Recently, I’ve heard a lot of concerns about ensuring on target earnings (OTE) are in line with industry peers. Paying a competitive mix of base salary and variable is critical to attracting top sales talent. The problem is many companies don’t go beyond assessing total earnings. Purchasing compensation data from Radford, PayScale or is the first step in determining if your pay levels are comparable with world class, but it doesn’t tell you how to pay your sales reps. If the base-variable mix isn’t right, your best people will leave and your worst people will stay forever.


The downstream effect of paying the wrong mix of base and variable is threefold:


  1. Can’t attract ‘A’ players
  2. Can’t keep ‘B’ players
  3. Can’t shake ‘C’ players


‘A’ Players

The Problem: The best sales reps want the best compensation plans. If your sales compensation model doesn’t allow your top performers to make a killing for world class performance, ‘A’ players won’t be interested.

The Fix: Make sure the leveraged component of your compensation model rewards your ‘A’ players. Your top performers should make 3X to 4X your bottom performers.


‘B’ Players

The Problem: ‘B’ players are your developmental bench to become future stars. If your plan doesn’t allow them to earn a living while climbing their way to the top, they will grow impatient and leave.

The Fix: Test your current sales compensation model to determine the excitement level of the plan (see chart). At what point does the leveraged component begin paying for performance in a way that will create excitement for your ‘B’ players.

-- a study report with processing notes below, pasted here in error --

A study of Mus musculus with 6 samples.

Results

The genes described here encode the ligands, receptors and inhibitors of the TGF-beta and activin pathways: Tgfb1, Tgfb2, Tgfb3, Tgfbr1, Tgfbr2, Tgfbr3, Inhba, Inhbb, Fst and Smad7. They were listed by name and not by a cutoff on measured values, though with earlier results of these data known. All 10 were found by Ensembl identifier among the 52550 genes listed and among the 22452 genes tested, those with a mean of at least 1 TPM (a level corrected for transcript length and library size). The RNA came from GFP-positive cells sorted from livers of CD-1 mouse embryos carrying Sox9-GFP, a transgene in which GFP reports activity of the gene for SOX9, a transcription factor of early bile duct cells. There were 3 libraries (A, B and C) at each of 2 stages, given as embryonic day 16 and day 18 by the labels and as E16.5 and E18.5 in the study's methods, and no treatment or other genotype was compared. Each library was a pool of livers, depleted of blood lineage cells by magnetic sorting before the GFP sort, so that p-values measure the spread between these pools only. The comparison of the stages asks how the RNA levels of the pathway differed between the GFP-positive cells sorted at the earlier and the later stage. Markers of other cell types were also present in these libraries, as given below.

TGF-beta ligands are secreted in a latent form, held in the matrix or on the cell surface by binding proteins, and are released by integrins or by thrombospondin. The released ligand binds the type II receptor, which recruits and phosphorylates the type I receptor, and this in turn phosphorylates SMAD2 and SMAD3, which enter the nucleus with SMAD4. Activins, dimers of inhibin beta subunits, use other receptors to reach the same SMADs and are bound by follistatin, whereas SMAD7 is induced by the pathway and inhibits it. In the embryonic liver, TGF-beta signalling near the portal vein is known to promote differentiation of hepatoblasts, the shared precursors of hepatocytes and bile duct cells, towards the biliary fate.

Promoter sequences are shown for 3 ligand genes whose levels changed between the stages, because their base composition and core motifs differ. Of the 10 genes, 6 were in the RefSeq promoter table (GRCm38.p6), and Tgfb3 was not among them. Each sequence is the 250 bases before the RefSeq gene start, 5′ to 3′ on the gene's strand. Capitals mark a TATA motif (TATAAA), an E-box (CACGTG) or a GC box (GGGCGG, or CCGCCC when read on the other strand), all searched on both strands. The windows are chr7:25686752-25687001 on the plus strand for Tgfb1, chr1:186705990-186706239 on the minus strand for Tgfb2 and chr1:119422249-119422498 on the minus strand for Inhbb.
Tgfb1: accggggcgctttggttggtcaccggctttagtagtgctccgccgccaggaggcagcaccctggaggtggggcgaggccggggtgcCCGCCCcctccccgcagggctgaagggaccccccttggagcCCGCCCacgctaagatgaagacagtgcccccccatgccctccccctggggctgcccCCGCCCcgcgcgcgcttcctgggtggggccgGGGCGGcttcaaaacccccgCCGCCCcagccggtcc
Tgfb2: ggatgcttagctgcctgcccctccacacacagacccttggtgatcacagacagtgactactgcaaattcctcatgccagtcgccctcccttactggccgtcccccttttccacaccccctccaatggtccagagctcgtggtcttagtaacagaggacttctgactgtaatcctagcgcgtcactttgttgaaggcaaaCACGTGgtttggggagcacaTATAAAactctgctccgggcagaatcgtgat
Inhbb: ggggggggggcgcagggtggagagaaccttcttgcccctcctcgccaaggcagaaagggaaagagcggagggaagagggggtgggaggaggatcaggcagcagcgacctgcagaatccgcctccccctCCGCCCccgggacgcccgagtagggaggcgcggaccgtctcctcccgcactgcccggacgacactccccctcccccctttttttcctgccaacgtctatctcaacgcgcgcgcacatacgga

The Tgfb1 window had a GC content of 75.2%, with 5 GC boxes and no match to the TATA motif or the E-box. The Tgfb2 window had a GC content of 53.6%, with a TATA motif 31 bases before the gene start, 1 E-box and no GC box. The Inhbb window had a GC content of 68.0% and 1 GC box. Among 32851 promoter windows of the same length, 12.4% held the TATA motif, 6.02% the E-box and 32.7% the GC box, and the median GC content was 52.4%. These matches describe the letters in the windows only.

Sales Compensation Model resized 600


The example shown here illustrates an issue your compensation model may have in driving excitement as your reps near 100% of their goal. If I continue to improve my performance, yet the upside is relatively small, I’m not motivated to keep pushing for the next level of success.


‘C’ Players

The Problem: If your sales compensation model has a healthy base salary, you might think this is the key to attracting ‘A’ players to your organization. Wrong. ‘A’ players want an attractive OTE and are willing to put more at risk for a bigger upside. Big base salaries attract ‘C’ players who live off their paychecks and don’t sell for your organization.

The Fix: Review your sales compensation model to determine if your OTE is at the 60th percentile of your industry peer group. From there, determine if the base-variable mix is in line. Fund the 3X compensation for the ‘A’ players by starving your ‘Cs.’ The ‘Cs’ will leave and go work for your competitors.


Want to stop paying your ‘C’ players for poor results? Contact SBI to help your company review your sales compensation models before the start of fiscal 2012 to ensure your base-variable mix is world class.


Comments are welcome below and make sure to register for Thursday’s webinar on resource planning, “What should next year’s organization chart look like.”  You don’t want to miss this one if you want your 2012 revenue to grow.





Works closely with B2B companies to solve strategic business problems so that they will make their number.
Learn more about Ryan Tognazzini >

Ryan joined SBI in 2010 as a Senior Consultant. Since then, he has worked extensively with emerging growth technology companies, including SaaS, enterprise software, systems integrators and OEMs. Additionally, Ryan works alongside numerous private equity investors, performing both sales and marketing due diligence and organic growth initiatives inside their portfolio companies.


Among a long list of accomplishments, he developed and implemented a sales and marketing strategy that resulted in the turnaround of a $1B IT integration clients. He executed organic growth initiatives to help a $100M software company achieve 40%+ year-over-year growth in preparation for an IPO. And he worked with a $1B enterprise software client to transform their sales and marketing go-to-market strategy for their cloud and SaaS offerings. Not surprisingly, in 2014 he was voted SBI Employee of the Year by his peers.